The District Attorney's office is waiting to decide whether to bring charges against law enforcement officers in the death of a Wayne County inmate in May.
An autopsy report from the Office of the Chief Medical Examiner recently released to the News-Argus concluded that Wayne County inmate Graydon Jerome Parker III died May 22 from a lack of oxygen to the brain after going into cardiac arrest shortly after suffering blunt force trauma, physical restraint, pepper spray and stun gun use on May 20.
The report officially classifies the manner of Parker's death as a homicide.
District Attorney Matthew Delbridge said in an email, "... the word homicide as used in this context is a term of art and does not necessarily equate to an unlawful act."
The N.C. State Bureau of Investigation said the outcome of the investigation is pending Delbridge's decision. The sheriff's office, meanwhile, maintains that the officers involved acted in accordance with their training.
"We reviewed everything and our detention staff followed policy," said Wayne County Sheriff Larry Pierce. "As far as homicide, that just means 'died at the hands of another.' So it's not like it was murder -- that's not what it means -- it means he died at the hands of another. Self-defense would also be ruled homicide. That's just the way the medical examiner rules it."
The autopsy report said five jail staff members and one N.C. State Highway Patrol trooper were involved in an incident restraining Parker immediately before he fell into cardiac arrest.
Delbridge said he would not make a decision on whether or not to file charges in the case until he has time to adequately devote to it. He is currently preparing for a homicide trial in Lenoir County.
Parker was arrested Saturday, May 20, after deputies responded to a call of a possible breaking and entering in progress.
Deputies arrived to the area of Sanderson Road and discovered a car window had been broken out in the area. Their investigation led to Parker being developed as a suspect.
He was booked into the Wayne County Jail at about 11:44 a.m. that day on charges of injury to personal property and resisting, delaying and obstructing an officer.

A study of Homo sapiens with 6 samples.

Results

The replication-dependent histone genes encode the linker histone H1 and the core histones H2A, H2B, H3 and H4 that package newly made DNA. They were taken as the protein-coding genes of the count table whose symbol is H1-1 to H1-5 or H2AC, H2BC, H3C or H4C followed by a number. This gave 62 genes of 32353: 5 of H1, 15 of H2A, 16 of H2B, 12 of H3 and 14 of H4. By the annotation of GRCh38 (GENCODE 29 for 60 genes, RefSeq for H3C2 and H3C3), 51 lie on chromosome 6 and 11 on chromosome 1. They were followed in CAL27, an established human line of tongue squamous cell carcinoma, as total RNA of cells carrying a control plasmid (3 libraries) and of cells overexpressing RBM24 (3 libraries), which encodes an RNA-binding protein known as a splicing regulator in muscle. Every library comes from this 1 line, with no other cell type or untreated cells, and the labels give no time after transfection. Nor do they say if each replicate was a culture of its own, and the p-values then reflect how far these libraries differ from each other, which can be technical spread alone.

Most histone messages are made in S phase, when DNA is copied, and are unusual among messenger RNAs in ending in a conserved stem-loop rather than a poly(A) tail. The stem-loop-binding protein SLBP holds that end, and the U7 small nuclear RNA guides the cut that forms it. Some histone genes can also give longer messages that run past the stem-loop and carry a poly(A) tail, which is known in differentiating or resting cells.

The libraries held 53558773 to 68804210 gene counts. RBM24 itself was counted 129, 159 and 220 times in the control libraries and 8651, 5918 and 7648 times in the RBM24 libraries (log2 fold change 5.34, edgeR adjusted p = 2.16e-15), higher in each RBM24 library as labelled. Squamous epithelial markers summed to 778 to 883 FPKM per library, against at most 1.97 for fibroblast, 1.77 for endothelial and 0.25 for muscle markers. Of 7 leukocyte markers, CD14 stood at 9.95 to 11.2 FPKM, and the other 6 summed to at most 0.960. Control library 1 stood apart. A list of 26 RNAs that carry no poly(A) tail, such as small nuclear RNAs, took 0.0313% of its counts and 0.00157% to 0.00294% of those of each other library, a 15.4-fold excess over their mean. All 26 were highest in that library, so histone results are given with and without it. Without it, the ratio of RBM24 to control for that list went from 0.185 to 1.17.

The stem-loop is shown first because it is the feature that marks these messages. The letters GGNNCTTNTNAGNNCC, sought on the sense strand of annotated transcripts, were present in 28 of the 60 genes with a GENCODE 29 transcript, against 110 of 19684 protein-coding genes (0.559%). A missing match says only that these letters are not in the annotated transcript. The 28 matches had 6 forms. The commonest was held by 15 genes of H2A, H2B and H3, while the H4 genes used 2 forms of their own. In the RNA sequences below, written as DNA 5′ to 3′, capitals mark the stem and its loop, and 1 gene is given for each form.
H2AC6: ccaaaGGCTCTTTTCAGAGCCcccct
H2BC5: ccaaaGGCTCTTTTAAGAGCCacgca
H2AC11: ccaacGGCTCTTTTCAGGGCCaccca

Authorities say Parker ---- once in custody ---- became combative while in the jail, and pepper spray was used to subdue him. He was then placed, alone, in a holding cell.
The narrative included in the medical examiner's autopsy report details the events that followed.
Some time after being put in the holding cell, Parker began "banging his head and smearing feces."
Officers then reportedly pepper-sprayed him and ordered him to lie on the ground before securing his hands and wrists with cuffs and shackles behind his back.
Parker was then taken to a decontamination shower to be cleaned off, and the restraints were removed.
Parker then reportedly continued to be combative and uncooperative with law enforcement. A "conducted electrical weapon shield" -- a shield with a taser in it -- was allegedly used on Parker to no avail.
The shield was then used to pin Parker to the ground, and multiple officers also pinned him to the ground.
From there, the trooper involved allegedly tried to use a taser to stun Parker, which also had no effect, before deploying barbs, which reportedly slowed Parker down.
The jail staff then left the shower, and the trooper was alone with Parker.
Parker reportedly suffered cardiac arrest less than a minute after jail staff left the room, and the trooper, who had remained in the room, alerted jail staff.
The medical examiner's report goes on to detail the life-saving efforts employed by the jail staff and medics who responded.
Parker was attempted to be revived and medics were dispatched to the jail.
About 30 minutes of CPR was performed on Parker outside of the hospital.
He managed to develop a pulse after arriving at the hospital, but was given a poor prognosis.
Parker was pronounced brain dead on May 21 at 4:35 p.m., but his body was maintained on life support in an attempt to remove organs for donation on May 22. No tissue or organs were able to be recovered from Parker's body.
The case remains under investigation.
Pierce said officers followed policy, which is dictated by state standards and taught to them by instructors at Wayne Community College.
He declined to go into specific detail about the policy.
Pierce confirmed that none of the jail staff reportedly involved in the incident that preceded Parker's death were put on leave after his death.
"That's basically all I can say, is that our officers followed policy and I do not think there was any indication of excessive force," Pierce said.